Section 3: Moses -- Exodus through Deuteronomy
In Origins and Patriarchs, we have looked at the foundational racial teachings of the Bible: the absence of racial criteria in Creation, God's covenant with all mankind (Noah), His selection of Abraham as the one man through whom all the nations of the earth would be blessed, the narrowing of the Bible's focus onto Abraham's descendants.
The next section of the Bible, which is the third segment of this study, is the life of Moses, the foremost prophet of the Jewish faith. His life is recounted in the last four books of the Pentateuch, or the Torah: Exodus, Leviticus, Numbers, and Deuteronomy. We will consider each of them separately, yet they are all part of the same work of God: His deliverance of Israel from slavery in Egypt, and the formation of His covenant people. These books are fundamental in understanding the racial teachings of the Old Testament.
What God promised in Genesis began to be fulfilled in Exodus through Moses. Over 400 years passed from the initial covenant with Abraham (Gen 15:13, Ex 12:40-41). During all the years since Joseph's death, there was no recorded word of God and no known spiritual leader of the people of Israel. This is a remarkable silence, considering the frequent manifestations of God in the patriarchal period.
It is clear that the tribal affiliations of each Israelite were maintained during this long period of servitude: Ex 6:16-20 gives part of the genealogy of Moses. Were there any other surviving memories of the ancient faith? Not many -- oppression drove from them any belief in help from the God of their ancestors (Ex 6:9). This was a community in great distress, physical and mental.
Exodus marks the unexpected intervention of God in human affairs. From the Egyptian point of view, this interference was unwelcome. And this is generally the case when God does something public: He upsets the status quo, and shakes the powers that be. But Israel also found God's nature and acts alien to their understanding, uninterested in their comfort. They found themselves unwilling recruits in the army of the Lord, and resisted His efforts to mold them in His image.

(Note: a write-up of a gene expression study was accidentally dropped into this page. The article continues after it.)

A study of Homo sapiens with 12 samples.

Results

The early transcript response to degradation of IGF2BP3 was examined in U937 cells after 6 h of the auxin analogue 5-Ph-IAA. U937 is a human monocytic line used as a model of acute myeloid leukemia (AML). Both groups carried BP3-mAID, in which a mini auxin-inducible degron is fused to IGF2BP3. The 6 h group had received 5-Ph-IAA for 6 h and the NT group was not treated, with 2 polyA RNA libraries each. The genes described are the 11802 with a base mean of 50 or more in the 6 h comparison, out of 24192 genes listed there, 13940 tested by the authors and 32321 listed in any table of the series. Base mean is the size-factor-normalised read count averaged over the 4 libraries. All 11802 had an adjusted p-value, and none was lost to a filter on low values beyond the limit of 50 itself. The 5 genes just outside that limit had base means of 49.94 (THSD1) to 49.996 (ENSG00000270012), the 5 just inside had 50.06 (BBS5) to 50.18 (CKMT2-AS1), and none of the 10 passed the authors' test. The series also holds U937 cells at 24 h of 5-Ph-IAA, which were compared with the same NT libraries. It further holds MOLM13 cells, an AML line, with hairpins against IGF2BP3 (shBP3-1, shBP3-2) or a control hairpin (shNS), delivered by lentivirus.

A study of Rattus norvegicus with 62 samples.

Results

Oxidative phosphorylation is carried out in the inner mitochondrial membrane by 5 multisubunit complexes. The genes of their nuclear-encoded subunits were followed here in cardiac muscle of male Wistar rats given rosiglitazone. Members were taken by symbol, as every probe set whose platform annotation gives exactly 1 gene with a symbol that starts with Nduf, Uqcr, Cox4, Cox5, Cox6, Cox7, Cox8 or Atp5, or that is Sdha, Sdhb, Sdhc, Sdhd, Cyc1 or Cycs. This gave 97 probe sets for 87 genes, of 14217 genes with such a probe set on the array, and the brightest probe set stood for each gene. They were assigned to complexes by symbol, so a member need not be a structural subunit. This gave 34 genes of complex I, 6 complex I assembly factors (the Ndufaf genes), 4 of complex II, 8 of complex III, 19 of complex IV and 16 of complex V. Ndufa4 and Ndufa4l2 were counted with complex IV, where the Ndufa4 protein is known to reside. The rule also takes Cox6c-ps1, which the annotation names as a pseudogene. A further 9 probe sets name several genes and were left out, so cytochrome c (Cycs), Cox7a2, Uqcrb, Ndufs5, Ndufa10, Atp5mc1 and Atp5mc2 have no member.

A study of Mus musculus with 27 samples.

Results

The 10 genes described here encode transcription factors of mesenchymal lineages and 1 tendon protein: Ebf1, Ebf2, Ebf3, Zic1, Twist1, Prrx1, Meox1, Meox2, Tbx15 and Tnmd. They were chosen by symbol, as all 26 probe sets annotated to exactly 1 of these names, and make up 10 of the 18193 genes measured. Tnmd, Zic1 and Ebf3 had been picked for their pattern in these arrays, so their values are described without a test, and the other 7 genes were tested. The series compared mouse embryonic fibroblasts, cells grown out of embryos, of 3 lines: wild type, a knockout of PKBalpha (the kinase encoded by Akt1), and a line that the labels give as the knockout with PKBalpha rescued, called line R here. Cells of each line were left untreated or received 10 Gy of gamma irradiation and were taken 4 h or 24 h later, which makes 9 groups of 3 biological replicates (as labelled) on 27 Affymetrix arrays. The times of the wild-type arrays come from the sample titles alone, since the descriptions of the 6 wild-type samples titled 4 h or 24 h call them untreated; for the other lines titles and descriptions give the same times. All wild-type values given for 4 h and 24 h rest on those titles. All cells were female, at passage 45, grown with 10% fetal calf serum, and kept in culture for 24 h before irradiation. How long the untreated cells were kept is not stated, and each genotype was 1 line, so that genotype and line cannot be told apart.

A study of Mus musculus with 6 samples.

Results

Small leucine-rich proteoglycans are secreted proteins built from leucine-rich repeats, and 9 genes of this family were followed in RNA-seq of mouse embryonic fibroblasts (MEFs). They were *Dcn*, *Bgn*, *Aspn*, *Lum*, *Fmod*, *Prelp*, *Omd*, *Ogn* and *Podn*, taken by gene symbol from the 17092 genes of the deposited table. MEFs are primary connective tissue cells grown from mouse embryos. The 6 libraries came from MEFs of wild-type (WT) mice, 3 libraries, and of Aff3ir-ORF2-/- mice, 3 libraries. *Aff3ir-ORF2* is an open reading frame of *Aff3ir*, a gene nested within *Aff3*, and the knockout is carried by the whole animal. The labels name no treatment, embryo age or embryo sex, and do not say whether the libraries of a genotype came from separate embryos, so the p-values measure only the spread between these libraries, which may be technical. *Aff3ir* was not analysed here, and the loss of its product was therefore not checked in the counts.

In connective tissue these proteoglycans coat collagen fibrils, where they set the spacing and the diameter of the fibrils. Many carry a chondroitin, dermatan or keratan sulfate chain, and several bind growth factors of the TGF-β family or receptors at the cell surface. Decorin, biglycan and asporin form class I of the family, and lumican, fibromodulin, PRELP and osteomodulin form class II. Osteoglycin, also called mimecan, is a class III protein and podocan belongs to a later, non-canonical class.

Therefore we cannot let ourselves be distracted by the external drama of these books -- all the signs, wonders and judgments performed. The purpose of all this revelation was to form relationship. God was drawing men to Himself in order to use them to accomplish His purposes on earth. But while Israel appreciated the miracles, they resisted obeying the God who acted on their behalf. Thus in Exodus, and throughout the remainder of these four books, there is a strong undercurrent of frustration and miscommunication between God and His newly adopted people.
Going into Exodus, the Bible is focused on a single family. In Exodus, it makes the transition to an entire nation. The work of God has expanded many times in scope. Yet even though it is a new revelation, God identifies Himself with all that has gone before: He refers to the God of their fathers. There is continuity within salvation history. What appears chaotic to the individuals at any given point in time is given a context of meaning by God Himself. It is as if He is saying to them and to us: "You only see the smallest fragment of My plan, and what you see may not make much sense to you. But the plan is a lot bigger than your view of it. I hold all its cords in My hands. It is I who give history its purpose and make sense out of it, both the span of centuries as well as each event and each life. And even the parts that look spoiled or tragic, the times of suffering and oppression, will be redeemed by the salvation that is coming to you."
As Isaiah put it centuries later:
"As the heavens are higher than the earth, so are my ways higher than your ways and my thoughts than your thoughts" (Isa 55:9).